Brightest pupils failed by state schools, chief inspector warns

The country’s brightest pupils are being held back by comprehensives which fail to push them to achieve the top grades needed for the best universities, the chief inspector of schools has warned. This is from the Telegraph…

Sir Michael Wilshaw has ordered an urgent “rapid response survey” of how state schools teach the most able children. It will be the most extensive investigation of gifted and talented provision undertaken by the watchdog.

The “landmark” report, to be published in the spring, will address fears that children who get top marks in primary school are being let down by some secondary school teachers who leave them to coast rather than stretch them to achieve the best exam results.

The report was disclosed after league tables showed that hundreds of secondary schools did not produce a single pupil with high enough grades in tough academic subjects to win a place at elite universities.

Inspectors will investigate concerns that bright pupils who are taught in mixed ability classes are failing to be stretched and that schools are entering clever children too early for GCSE exams so that they gain only the C grades that count in league tables and are not pushed to the full extent of their abilities.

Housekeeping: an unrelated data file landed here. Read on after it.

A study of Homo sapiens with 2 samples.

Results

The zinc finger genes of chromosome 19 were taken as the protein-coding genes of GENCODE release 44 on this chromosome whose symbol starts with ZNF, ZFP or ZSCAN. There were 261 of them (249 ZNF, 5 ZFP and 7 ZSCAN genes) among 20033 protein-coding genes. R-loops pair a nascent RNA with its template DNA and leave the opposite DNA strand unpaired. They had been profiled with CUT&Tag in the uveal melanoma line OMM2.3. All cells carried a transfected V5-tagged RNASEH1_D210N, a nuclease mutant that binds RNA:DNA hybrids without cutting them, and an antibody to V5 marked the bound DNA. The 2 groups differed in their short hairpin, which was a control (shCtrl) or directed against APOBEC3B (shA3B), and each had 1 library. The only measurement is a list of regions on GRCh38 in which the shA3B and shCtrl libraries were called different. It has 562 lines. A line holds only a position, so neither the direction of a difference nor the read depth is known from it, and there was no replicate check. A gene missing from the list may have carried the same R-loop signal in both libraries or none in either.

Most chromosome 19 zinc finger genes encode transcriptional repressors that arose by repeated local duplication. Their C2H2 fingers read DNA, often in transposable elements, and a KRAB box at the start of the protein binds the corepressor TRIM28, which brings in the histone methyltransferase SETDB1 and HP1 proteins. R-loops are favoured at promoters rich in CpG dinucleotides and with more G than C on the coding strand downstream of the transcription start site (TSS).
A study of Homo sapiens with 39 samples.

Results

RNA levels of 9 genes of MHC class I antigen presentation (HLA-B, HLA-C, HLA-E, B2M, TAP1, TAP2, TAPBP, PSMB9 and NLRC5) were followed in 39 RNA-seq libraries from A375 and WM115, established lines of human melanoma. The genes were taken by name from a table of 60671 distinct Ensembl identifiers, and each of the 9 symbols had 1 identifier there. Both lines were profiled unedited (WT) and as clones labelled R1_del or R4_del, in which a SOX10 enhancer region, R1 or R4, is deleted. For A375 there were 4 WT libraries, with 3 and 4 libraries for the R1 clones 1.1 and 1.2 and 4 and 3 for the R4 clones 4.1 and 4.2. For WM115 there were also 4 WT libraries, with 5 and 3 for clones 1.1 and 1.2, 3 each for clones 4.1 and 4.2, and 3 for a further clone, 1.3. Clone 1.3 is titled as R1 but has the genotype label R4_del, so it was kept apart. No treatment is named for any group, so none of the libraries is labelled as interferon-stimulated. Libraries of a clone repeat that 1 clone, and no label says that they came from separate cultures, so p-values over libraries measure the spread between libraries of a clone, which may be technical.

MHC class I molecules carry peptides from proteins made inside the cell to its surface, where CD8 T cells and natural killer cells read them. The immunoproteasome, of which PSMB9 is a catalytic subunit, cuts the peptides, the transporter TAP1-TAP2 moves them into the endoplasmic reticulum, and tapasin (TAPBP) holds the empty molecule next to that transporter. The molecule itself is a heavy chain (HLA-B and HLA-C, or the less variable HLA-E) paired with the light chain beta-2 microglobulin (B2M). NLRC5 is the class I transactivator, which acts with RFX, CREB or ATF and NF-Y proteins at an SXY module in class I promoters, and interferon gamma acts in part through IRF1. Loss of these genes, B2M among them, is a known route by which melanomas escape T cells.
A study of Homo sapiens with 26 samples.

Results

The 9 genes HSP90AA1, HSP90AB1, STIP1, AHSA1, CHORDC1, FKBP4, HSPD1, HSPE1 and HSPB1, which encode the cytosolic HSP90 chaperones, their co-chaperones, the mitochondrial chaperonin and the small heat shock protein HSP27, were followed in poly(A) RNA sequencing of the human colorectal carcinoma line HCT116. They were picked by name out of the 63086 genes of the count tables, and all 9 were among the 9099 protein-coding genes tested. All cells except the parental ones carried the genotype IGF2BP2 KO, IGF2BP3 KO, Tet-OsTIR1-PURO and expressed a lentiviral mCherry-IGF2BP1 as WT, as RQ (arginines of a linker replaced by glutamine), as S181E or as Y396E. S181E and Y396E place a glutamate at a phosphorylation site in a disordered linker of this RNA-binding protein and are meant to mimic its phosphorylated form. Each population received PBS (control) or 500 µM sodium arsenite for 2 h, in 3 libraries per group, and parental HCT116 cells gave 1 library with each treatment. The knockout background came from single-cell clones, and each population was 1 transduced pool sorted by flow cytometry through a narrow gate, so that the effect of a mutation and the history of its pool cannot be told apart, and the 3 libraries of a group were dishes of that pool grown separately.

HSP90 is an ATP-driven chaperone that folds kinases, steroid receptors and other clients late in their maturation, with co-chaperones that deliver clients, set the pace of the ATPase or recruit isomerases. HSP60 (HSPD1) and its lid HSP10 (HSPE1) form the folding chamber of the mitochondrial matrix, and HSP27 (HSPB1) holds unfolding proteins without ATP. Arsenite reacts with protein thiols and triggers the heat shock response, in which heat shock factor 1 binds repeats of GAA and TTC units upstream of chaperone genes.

Sir Michael said the big disparity in admissions to Oxford and Cambridge, where a small number of mainly independent schools sent more students to the universities than thousands of state secondaries was “a nonsense” that must be addressed.

He said that comprehensive schools had to learn lessons from independent and selective schools on how to realise the early promise of the most able children.

“I am concerned that our most able pupils are not doing as well as they should be,” Sir Michael said.

“Are schools pushing them in the way they should be pushed and are pushed in the independent sector and in the selective system?

“The statistic that four independent schools and a very prestigious six form college are sending more youngsters to Oxbridge than 2,000 state secondary schools is a nonsense. When the history of comprehensive education is written people need to say that they did as well by the most able pupils as they did by the least able.”